Titus Young was in good spirits Friday morning.

His father, Richard, said he took Titus out for coffee, and Titus was laughing and looked happy.

But later that day, when Young told his parents he was going to his car to grab his phone, the former Lions wide receiver drove off instead.

"We knew that something had happened to him or he was locked up again," Richard Young told The Detroit News on Monday. "His mind is not capable enough to go out and deal with society because of this situation."

Young's father was right. Titus Young was arrested late Friday night for the third time in less than a week. Orange County authorities allege Young broke into a home in San Clemente, Calif., tried to flee, but he was caught and charged with burglary, assault on a police officer and resisting arrest.

San Clemente is more than 60 miles away from the Young's home in Los Angeles, where Titus had been living.

Richard Young said his son suffers from a disorder caused by his brain being compressed into the front of his skull, but he couldn't remember the disorder's name Monday. The father said his son's disposition changed after he suffered a concussion during his rookie season, although the Lions never listed that as an injury.

Although Titus Young has medication for the issue, his father said he hasn't been taking it as prescribed.

And, while Richard Young said his son has sought help for the issue, Titus Young hasn't been dedicated to his treatment, which doctors told the father could take six months or less.

"He's not dealing with it the way he should be," Richard Young said. "If the judge gives him a court order, then maybe he'll get the help he needs."

Based on Titus Young's behavior leading up to the arrest, that will be a possibility unless he ends up in prison.

Before the arrest, Young allegedly was "passed out" in his car in someone's driveway and seen peering into parked cars in San Clemente, Orange County Sheriff's Department spokesman Jim Amormino said.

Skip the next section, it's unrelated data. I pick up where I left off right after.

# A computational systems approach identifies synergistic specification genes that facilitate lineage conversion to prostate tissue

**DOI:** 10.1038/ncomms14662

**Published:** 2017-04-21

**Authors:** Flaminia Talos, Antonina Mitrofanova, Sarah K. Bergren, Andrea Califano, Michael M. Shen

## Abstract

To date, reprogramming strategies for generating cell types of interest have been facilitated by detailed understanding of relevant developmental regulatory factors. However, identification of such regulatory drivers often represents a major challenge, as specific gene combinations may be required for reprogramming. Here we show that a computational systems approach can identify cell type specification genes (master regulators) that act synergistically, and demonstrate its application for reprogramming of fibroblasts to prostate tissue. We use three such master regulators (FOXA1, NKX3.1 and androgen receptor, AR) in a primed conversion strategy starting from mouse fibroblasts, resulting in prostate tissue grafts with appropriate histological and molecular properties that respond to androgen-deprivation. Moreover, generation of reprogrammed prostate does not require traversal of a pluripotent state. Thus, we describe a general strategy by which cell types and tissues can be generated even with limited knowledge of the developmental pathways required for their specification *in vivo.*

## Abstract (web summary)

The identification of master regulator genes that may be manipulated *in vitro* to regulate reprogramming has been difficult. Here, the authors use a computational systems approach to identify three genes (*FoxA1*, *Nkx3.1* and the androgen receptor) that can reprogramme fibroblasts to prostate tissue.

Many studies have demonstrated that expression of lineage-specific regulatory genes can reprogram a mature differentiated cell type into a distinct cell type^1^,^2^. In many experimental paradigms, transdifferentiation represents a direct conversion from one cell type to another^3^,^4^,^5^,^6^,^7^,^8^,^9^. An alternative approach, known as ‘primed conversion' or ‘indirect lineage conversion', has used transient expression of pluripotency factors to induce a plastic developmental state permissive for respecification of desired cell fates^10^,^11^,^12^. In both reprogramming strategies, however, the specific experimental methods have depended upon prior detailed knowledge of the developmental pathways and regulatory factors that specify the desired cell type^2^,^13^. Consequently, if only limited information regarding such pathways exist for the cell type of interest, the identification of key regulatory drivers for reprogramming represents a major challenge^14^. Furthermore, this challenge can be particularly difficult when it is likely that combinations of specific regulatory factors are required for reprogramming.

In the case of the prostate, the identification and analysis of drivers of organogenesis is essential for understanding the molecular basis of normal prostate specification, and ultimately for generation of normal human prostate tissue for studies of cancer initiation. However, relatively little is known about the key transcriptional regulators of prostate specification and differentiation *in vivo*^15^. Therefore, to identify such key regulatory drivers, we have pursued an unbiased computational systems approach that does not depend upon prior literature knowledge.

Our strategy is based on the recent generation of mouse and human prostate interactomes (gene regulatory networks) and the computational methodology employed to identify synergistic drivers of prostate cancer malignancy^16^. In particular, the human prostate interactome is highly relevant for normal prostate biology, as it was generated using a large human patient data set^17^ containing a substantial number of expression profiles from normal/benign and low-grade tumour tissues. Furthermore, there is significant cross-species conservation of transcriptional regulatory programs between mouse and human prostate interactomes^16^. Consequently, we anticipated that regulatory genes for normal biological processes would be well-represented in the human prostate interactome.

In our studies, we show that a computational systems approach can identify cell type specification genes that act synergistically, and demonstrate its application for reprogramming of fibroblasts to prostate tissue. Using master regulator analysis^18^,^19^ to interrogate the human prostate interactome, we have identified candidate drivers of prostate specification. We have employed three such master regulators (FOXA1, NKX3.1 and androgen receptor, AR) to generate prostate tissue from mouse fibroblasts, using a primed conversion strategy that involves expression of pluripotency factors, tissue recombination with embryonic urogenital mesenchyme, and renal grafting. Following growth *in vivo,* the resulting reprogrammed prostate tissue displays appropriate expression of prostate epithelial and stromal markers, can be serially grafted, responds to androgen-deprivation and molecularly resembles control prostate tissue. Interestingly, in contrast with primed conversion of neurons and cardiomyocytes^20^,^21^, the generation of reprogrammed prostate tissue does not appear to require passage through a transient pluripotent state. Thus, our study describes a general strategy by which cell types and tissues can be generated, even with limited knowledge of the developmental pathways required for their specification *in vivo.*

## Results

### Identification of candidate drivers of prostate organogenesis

"The first call came in at 6 p.m.," Amormino said. "A resident called and said there was a black Mustang convertible in the driveway of their home. A person was inside the car, but the informant didn't know if they were sleeping, drunk or had a medical issue."

When a fire truck pulled up to the home, the man raced off and nearly hit the truck, Amormino said. Authorities determined the man was Young after running the license plates, but never found him.

Multiple witnesses called police again around 8 p.m. to report a man looking into parked cars, Amormino said. Even with assistance of a helicopter, police couldn't find Young, but found and towed his car.

Then, at 11:57 p.m., a resident called police and reported a man was in his home. When police arrived, the man — determined to be Young — allegedly was hiding in shrubs outside the home and tried to flee on foot.

"He was fast, but the deputy was faster," Amormino said.

Young tried to fight the officers, but they subdued him without suffering any injuries.

Young was arrested twice in less than 15 hours May 5 in Moreno Valley, Calif., first on suspicion of driving under the influence then for burglary after he allegedly tried to jump the fence at an impound lot to find his car.

"The felony charges are certainly mounting up," Amormino said. "Those are serious charges that could do some serious state prison time."